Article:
This is the online blog forum for our fall 2013 undergraduate course “ENG 2300: Film Analysis” at the University of Florida. Film Analysis begins by perceiving films as formal, cultural, and aesthetic constructs, and this blog invites students to examine the structural and stylistic elements of films. The primary goal of this enterprise is to understand how films register and convey complex and often contradictory meanings for past and contemporary audiences.
First and foremost I encourage you to analyze films through formal considerations (narrative, mise-en-scene, genre, cinematography, editing, and sound). However, you might also want to take into account the technological, historical, cultural, social, economic, or political contexts in which the films were produced or exhibited for audiences. Take this opportunity to hone your working knowledge of film vocabulary and develop analytic tools for evaluating and “reading” films in relation to film history and film theory.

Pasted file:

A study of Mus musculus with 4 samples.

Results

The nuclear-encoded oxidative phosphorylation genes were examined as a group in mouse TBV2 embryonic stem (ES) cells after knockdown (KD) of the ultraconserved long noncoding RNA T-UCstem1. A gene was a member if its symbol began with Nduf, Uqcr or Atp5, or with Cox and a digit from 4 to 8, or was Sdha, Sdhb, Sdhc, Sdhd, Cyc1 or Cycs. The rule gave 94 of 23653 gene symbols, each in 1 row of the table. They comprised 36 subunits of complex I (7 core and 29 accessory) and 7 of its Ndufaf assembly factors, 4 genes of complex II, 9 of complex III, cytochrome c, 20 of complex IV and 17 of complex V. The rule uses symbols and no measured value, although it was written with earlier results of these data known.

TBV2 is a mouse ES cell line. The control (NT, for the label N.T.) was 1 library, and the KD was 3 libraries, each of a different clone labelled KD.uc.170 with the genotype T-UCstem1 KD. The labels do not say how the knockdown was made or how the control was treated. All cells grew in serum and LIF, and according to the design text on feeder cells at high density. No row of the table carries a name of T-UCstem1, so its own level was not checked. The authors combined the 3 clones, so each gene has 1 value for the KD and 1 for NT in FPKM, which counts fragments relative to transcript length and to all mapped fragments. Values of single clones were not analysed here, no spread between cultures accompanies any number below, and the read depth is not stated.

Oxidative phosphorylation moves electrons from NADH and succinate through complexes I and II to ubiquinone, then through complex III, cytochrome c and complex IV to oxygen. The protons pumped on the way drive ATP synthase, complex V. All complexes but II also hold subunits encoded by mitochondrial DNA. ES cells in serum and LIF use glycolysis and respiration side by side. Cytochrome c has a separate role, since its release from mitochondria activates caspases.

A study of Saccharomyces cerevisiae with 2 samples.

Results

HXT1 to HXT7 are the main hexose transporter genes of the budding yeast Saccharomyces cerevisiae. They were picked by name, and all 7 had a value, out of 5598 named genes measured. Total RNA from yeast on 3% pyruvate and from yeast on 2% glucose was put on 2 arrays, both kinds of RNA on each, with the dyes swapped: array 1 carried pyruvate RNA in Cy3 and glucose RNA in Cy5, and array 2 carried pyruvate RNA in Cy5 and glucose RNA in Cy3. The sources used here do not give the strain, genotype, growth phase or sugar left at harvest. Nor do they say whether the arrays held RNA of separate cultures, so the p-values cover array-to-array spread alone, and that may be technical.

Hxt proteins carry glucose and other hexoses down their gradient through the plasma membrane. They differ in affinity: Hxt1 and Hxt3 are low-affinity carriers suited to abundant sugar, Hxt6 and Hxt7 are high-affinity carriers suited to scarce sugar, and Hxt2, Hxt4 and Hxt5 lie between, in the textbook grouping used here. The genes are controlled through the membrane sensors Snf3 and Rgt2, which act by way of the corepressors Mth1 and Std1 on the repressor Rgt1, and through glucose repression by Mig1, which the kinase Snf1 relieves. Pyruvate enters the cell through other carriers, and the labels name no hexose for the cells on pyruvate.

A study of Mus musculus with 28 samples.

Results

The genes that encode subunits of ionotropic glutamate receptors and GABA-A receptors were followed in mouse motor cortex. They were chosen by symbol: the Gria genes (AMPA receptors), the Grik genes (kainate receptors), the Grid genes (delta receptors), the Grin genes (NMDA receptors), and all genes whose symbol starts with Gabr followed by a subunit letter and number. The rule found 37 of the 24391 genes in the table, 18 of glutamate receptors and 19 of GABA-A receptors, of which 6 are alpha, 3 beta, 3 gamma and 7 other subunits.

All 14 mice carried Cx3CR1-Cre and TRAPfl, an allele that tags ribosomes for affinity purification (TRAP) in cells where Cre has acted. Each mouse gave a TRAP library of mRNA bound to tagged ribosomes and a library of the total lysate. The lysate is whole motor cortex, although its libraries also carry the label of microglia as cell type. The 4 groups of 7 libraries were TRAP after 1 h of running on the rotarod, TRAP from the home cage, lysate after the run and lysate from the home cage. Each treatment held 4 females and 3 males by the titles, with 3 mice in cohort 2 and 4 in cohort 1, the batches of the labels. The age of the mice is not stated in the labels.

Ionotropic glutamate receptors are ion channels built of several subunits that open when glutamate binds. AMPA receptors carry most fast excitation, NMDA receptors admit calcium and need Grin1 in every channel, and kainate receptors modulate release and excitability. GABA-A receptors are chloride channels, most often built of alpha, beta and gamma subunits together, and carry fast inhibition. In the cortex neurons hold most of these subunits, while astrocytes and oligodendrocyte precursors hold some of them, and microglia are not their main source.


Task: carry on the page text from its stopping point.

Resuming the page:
As scholars Richard Basam and Dave Monahan contend in Looking at Movies (2010), films embody complex forms of artistic representation and communicate to us in many ways. Thus, detailed, precise, and inspired film analysis has the potential to enlighten and enrich our understanding about “the artist, society, or industry that created it” (2). The task, then, is “to recognize cinematic tools and principles employed by films to tell stories, convey information and meaning, and influence our emotions and ideas” (2).
Barsam, Richard M., and Dave Monahan. Looking at Movies: an Introduction to Film. New York: W.W. Norton & Co., 2010. Print.